Amnesty International says a recent Kyrgyz court ruling to uphold the life sentence of imprisoned ethnic Uzbek human rights activist Azimjan Askarov is a "triumph of injustice."
The human rights watchdog renewed its call for Askarov's release in a July 31 statement, characterizing the 68-year-old as a "prisoner of conscience."
"We again observe the triumph of injustice in Kyrgyzstan. What prevented [Kyrgyz] authorities from fulfilling their obligations under international law and the country's constitution regarding the prisoner of conscience Azimjan Askarov? The short answer to this question is [the authorities'] total disregard for human rights," Denis Krivosheev, the deputy director of Amnesty’s Eastern Europe and Central Asia office, said in the statement.
Askarov was convicted of creating a mass disturbance and involvement in the murder of a police officer during deadly interethnic clashes between local Uzbeks and Kyrgyz in June 2010 when more than 450 people, mainly Uzbeks, were killed and tens of thousands more were displaced.
Askarov has insisted that his case is politically motivated.
On July 30, a court in Kyrgyzstan's northern Chui region ruled that Askarov's life sentence cannot be changed.
The hearing was held due to the mitigation of many articles of the Central Asian nation's criminal code that came into force on January 1.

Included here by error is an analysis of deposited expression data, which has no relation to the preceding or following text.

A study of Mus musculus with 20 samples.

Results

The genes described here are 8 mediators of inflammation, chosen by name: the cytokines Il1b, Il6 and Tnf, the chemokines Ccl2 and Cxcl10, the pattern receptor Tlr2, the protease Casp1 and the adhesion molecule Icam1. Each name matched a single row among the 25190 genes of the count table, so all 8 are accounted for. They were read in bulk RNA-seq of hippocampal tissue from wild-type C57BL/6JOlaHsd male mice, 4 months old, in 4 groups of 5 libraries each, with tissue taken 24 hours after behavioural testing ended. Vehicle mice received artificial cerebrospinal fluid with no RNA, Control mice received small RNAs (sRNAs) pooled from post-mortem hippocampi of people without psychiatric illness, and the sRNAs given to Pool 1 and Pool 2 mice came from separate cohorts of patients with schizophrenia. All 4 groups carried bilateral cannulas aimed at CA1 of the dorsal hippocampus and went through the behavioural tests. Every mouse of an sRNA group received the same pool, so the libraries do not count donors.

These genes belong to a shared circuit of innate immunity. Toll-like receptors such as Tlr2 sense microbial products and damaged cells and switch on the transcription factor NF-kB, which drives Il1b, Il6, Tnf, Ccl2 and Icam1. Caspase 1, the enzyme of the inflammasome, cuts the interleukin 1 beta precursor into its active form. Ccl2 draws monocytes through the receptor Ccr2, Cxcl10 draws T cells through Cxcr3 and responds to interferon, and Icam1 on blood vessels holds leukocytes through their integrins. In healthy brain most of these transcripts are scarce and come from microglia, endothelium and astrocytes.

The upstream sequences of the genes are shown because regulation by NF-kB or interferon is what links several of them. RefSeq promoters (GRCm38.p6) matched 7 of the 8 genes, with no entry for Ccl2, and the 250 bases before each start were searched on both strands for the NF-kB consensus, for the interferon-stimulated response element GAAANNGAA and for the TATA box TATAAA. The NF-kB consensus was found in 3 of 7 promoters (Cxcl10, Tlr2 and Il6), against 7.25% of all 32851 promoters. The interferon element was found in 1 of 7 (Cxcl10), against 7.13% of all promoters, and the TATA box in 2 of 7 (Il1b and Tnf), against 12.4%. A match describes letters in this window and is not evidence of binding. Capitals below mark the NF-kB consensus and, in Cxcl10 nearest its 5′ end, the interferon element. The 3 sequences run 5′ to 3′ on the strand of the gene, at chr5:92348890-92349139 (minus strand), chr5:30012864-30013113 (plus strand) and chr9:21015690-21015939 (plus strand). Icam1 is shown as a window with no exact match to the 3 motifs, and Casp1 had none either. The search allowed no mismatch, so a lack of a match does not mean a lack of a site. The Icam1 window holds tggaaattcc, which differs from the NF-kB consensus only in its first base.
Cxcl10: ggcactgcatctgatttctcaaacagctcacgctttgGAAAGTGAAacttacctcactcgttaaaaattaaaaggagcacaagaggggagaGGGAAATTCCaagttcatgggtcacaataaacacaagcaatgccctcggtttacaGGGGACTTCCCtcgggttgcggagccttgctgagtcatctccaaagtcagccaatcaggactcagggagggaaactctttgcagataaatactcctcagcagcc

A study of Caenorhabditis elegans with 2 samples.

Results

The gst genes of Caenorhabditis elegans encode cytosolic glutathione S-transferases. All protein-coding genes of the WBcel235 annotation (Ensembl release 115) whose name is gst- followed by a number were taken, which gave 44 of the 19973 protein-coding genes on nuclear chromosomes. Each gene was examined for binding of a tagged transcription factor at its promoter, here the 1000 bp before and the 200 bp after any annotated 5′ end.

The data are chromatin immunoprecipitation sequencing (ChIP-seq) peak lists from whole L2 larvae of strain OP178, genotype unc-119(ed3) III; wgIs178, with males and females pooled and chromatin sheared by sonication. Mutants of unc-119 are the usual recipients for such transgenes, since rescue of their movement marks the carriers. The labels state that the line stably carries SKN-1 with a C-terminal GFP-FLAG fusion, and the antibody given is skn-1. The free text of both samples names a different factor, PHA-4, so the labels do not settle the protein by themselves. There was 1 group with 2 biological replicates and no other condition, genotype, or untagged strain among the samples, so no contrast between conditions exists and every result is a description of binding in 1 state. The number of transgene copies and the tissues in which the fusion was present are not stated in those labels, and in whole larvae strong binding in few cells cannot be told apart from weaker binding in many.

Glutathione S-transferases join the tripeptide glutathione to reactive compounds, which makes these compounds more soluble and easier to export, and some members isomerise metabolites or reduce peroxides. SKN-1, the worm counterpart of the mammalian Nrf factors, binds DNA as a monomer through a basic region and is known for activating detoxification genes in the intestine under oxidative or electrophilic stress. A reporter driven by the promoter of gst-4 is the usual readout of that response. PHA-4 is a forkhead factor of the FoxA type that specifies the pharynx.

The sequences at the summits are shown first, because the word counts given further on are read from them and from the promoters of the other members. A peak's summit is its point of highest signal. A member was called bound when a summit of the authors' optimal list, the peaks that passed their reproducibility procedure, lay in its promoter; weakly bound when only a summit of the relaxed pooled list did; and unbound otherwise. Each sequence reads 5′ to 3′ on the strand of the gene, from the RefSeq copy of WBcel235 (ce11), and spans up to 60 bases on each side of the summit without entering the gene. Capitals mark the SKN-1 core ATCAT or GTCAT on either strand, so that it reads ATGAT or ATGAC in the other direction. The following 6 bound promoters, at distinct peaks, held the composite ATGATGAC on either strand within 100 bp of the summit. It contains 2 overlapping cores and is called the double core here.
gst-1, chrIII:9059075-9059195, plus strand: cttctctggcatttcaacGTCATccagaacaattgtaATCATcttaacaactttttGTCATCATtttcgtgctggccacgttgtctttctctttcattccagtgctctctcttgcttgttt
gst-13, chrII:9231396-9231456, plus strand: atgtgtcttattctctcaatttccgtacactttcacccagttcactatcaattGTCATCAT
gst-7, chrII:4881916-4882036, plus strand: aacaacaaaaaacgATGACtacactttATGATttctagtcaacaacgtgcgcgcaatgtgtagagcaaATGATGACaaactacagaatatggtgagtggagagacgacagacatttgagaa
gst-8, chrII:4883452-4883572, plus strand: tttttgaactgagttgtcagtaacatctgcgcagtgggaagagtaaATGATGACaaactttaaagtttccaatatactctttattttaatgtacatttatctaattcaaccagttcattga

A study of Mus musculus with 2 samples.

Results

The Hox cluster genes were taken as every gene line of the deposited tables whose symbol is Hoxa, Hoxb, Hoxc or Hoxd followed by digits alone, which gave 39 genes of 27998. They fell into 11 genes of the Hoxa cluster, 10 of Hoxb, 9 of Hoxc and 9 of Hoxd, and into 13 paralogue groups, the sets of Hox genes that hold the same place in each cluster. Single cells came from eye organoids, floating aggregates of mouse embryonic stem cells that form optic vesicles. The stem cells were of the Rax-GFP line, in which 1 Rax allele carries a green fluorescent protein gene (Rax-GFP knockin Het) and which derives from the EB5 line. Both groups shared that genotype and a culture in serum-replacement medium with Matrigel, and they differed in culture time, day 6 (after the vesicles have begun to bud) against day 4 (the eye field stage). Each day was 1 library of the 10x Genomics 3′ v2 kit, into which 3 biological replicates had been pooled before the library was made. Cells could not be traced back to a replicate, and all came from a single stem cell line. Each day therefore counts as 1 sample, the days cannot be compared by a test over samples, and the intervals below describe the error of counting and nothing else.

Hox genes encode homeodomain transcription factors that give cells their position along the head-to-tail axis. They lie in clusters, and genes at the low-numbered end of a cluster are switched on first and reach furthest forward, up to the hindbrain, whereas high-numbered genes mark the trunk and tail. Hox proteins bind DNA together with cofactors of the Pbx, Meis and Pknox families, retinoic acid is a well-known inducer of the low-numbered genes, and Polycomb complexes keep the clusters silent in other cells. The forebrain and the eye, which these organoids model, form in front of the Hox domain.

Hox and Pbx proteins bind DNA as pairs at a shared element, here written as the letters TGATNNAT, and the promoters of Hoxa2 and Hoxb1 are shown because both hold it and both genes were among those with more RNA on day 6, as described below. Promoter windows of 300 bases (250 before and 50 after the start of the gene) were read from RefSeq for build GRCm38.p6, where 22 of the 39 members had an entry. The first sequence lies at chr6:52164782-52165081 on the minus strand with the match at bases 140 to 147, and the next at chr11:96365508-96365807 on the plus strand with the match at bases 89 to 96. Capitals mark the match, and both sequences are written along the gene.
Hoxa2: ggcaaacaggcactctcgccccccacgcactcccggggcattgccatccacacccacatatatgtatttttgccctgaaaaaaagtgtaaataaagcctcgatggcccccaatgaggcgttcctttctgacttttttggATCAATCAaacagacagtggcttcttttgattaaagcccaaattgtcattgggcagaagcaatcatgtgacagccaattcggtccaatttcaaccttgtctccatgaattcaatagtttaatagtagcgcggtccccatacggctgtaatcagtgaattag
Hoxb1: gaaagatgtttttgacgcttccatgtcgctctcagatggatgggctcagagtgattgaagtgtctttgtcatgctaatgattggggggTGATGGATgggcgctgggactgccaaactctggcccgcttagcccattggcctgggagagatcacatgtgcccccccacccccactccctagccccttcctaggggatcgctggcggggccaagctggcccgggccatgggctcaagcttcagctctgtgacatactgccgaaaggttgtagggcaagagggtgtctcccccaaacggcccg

The New York-based Committee to Protect Journalists also condemned the Chui regional court's ruling and has called on Bishkek "to immediately release Askarov, who never committed a crime."
Rights groups, including the UN Human Rights Committee, have urged Kyrgyzstan to release Askarov, saying that he had been arbitrarily detained, tortured, and denied his right to a fair trial.
In July 2016, the Kyrgyz Supreme Court voided Askarov's conviction and sent the case back to a lower court for review in light of "new circumstances that appeared in the case."
However, in January 2017, a court in Bishkek reinstated a life sentence for Askarov after again finding him guilty of stirring up ethnic hatred and involvement in a police officer's murder.
In June, eight international human rights organizations and media freedom watchdogs urged EU foreign-policy chief Federica Mogherini and other EU officials to call for Askarov's immediate release from prison.
Askarov's lawyers have said the activist's health has deteriorated "significantly" during the nine years he has so far served in prison.